Israel reportedly may apologize to Turkey for “operational errors” during its fatal raid on a 2010 Turkish aid flotilla to Gaza ahead of a visit by US President Barack Obama.
The Turkish newspaper Radikal on February 20 reported that the partial apology may have been the subject of secret talks between Turkey and Israel.
Radikal journalist Deniz Zeyrek wrote that unnamed Turkish foreign ministry officials told him on February 19 that “such meetings could be going on.”
Obama, who is due to visit Israel in late March, has pressed for reconciliation between the US allies.
As a condition to normalizing diplomatic ties with Israel, Turkey has demanded that Israel apologize for the death of nine activists who were killed when Israeli commandoes raided the Mavi Marmara ship during a takeover operation in the Mediterranean.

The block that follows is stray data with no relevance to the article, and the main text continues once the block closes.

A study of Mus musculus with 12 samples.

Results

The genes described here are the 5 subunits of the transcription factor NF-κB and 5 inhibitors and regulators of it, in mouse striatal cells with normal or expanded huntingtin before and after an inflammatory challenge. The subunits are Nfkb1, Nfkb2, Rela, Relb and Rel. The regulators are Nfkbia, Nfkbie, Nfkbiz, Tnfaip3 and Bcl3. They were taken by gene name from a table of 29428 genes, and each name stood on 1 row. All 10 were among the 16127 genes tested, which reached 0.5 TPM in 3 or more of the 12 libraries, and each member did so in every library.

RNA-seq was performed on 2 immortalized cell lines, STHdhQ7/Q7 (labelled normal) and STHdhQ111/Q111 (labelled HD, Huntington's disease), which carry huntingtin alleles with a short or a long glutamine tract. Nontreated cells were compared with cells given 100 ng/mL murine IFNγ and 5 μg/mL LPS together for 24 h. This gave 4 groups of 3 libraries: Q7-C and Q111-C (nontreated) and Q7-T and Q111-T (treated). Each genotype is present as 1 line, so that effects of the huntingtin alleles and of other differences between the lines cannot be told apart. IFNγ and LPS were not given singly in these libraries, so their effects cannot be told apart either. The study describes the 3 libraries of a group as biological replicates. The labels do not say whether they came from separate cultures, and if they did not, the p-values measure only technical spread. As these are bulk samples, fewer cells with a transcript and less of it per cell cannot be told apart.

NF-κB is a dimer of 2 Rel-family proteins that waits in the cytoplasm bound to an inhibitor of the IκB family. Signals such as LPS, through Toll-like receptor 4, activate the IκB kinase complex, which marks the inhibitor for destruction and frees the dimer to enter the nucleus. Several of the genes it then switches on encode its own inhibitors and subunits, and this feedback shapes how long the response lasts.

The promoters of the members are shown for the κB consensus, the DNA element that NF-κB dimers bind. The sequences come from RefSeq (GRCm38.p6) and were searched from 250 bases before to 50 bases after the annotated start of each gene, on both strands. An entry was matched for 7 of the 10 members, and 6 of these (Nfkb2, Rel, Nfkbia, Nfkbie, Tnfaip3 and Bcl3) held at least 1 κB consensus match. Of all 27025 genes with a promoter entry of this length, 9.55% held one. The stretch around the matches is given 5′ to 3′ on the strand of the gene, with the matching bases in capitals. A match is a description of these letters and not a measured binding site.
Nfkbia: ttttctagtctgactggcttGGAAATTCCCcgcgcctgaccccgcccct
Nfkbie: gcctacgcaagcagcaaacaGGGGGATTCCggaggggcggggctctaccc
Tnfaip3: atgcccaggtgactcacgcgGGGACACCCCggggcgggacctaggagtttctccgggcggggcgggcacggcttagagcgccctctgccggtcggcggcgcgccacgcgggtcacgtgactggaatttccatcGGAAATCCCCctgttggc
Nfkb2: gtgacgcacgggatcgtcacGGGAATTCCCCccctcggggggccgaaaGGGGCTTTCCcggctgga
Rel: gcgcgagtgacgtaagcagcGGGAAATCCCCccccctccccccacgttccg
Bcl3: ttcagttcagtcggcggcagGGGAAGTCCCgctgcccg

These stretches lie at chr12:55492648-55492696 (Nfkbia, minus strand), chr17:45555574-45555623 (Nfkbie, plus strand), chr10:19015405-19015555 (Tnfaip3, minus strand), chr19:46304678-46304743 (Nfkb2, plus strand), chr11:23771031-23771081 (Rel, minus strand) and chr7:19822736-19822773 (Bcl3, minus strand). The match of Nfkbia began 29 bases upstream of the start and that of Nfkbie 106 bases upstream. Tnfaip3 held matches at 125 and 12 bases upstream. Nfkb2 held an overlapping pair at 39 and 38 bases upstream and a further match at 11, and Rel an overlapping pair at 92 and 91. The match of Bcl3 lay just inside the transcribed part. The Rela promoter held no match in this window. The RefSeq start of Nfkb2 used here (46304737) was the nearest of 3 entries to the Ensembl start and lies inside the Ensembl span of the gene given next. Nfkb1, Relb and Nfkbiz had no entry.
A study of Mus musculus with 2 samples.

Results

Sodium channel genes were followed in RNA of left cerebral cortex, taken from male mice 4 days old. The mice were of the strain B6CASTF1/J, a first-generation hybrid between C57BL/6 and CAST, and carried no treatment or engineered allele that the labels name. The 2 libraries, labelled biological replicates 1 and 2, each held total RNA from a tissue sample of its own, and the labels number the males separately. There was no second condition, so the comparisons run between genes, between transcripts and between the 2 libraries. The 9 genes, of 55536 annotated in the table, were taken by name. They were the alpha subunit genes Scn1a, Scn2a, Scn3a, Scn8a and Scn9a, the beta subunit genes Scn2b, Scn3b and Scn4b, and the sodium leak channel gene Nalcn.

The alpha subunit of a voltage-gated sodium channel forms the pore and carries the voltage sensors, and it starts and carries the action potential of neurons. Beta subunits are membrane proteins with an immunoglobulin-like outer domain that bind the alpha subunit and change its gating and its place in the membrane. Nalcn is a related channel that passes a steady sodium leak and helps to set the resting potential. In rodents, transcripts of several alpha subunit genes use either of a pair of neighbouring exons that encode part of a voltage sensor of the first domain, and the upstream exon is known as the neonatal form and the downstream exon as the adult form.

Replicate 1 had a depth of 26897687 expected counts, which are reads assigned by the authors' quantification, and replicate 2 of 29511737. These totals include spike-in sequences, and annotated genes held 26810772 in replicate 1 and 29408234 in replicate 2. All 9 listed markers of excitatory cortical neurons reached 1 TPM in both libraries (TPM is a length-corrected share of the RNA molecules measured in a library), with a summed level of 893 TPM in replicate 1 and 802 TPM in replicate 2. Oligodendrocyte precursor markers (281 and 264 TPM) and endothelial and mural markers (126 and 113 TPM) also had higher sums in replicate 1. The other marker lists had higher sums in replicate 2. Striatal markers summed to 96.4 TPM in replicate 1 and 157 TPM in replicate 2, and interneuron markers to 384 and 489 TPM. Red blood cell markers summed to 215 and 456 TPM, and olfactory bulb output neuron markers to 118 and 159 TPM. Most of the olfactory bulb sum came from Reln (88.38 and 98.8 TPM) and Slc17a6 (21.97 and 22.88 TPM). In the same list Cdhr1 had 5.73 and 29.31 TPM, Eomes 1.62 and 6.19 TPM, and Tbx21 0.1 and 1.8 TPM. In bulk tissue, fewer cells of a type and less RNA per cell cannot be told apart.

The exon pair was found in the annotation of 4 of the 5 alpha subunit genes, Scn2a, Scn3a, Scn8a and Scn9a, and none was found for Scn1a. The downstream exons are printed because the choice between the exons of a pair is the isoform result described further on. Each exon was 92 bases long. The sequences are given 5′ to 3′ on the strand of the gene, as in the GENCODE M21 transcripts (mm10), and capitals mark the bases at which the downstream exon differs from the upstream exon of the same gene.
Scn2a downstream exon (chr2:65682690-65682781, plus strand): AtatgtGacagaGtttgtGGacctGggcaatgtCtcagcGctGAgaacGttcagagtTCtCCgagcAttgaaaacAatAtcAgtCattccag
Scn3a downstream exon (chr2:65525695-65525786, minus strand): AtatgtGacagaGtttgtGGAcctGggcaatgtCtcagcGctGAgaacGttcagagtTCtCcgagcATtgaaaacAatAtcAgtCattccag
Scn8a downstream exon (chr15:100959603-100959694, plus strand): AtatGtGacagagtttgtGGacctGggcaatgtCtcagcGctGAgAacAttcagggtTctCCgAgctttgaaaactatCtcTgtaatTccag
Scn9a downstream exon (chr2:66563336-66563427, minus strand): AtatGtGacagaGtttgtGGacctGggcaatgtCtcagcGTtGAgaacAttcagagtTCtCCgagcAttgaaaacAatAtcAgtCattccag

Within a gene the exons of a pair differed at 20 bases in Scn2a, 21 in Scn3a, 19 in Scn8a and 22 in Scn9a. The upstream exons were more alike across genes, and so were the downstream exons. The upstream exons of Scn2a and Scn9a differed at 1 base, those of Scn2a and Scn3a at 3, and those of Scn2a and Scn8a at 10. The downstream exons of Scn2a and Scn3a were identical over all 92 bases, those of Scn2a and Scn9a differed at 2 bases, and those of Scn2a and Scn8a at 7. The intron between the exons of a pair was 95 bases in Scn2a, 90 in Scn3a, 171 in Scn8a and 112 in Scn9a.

The aid ship, chartered by the Islamist IHH organization, was headed to the Gaza Strip in defiance of Israel’s naval siege on the Hamas-run area.
Turkey has also demanded Israel lift the siege, but is prepared to drop that demand, the report in Radikal said. Additionally, Israel will offer compensation to the families of those killed, according to the report.
Such a deal was under consideration in the summer of 2011, but was scuttled in part because of objections by then-Foreign Minister Avigdor Liberman. Now facing trial on corruption charges, Liberman is no longer in government. Prime Minister Binyamin Netanyahu is attempting to cobble together a governing coalition after close elections last month.
Radikal quoted an unnamed Turkish diplomat as saying that "It does not seem likely that any step will be taken before the new Israeli government is formed and an official position adopted."